Beethoven: a Biographical Romance

 

Side 191 - ... done all possible to him to be received in the rank of worthy artists and men. You, my brothers, Carl and *, so soon as I am dead, if Professor Schmidt is yet living, pray him in my name that he will describe my disease, and add this writing to the account of it, that at least as much as possible the world may be reconciled with me after my death. At the same time I declare you two the heirs of my little property, (if I may call it so).
Side 190 - ... speak louder, shout, for I am deaf, Ah how could I possibly admit an infirmity in the one sense which should have been more perfect in me than in others, a sense which I once possessed in highest perfection, a perfection such as few...
Side 190 - I sometimes ran counter to it yielding to my inclination for society, but what a humiliation when one stood beside me and heard a flute in the distance and I heard nothing or someone heard the shepherd singing and again I heard nothing, such incidents brought me to the verge of despair...
Side 198 - French people have, for four years, «u trusted to your majesty the reins of government, and the constitution of the state reposed in you the choice of a successor. The most august denomination, decreed to you, is then only a tribute which the nation pays to its own dignity, and to the necessity it experiences iu giving you daily testimonies of respect and of attachment, which every day increase.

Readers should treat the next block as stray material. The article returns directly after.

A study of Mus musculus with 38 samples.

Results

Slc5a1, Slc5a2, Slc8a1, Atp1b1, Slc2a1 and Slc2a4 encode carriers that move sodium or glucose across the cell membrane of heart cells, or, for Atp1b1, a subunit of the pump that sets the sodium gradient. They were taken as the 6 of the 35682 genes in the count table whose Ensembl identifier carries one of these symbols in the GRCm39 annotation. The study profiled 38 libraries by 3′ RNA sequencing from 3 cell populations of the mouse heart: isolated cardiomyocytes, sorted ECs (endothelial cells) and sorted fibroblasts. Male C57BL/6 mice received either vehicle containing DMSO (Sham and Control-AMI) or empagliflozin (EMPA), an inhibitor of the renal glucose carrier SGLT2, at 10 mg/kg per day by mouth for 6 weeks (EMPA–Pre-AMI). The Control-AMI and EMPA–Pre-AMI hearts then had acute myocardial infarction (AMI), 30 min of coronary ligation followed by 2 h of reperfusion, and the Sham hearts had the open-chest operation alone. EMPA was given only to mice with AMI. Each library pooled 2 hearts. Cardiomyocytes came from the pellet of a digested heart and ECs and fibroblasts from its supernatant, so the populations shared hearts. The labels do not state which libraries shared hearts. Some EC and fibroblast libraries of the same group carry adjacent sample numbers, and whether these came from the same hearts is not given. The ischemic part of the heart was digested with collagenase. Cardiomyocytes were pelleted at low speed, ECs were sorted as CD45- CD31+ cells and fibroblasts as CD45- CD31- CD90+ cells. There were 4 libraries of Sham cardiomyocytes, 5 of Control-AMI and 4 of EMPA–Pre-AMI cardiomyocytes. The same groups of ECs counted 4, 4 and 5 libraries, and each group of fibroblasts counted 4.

Side 191 - I desire that the instruments from Prince L. be preserved by one of you but let no quarrel result from this, so soon as they can serve you a better purpose sell them, how glad will I be if I can still be helpful to you in my grave — with joy...
Side 189 - Alas! how could I declare the weakness of a sense which in me ought to be more acute than in others — a sense which formerly I possessed in highest perfection, a perfection such as few in my profession enjoy or ever have enjoyed; no, I cannot do it. Forgive, therefore, if you...
Side 181 - Beethoven answered not a word. He was pale as death. Thick drops of cold sweat came out upon his brow. His eyes opened wide, as with terror ; his features put on the stillness of marble. But in his soul he cried out, in terrible agony, ' The cloud ! the black cloud ! Beethoven ! Beethoven, man of music ! thou hearest no longer ! thou hearest no longer ! Righteous God ! Thou art...
Side 310 - My dear son, no more of this. Come to my arms — you shall not hear one harsh word. For God's sake, do not ruin yourself: you shall be received as kindly as ever. As to what is to be thought of and done for the future, we will talk over it in a friendly manner. Upon my word of honour, you shall hear no reproaches, which, indeed, can now do no good. You have nothing...
Side 139 - So use the lofty significance of thine art that thou shalt follow it from a pure and holy love to ennoble thyself and others, and to kindle in the hearts of all an enthusiasm for what is eternally great and beautiful.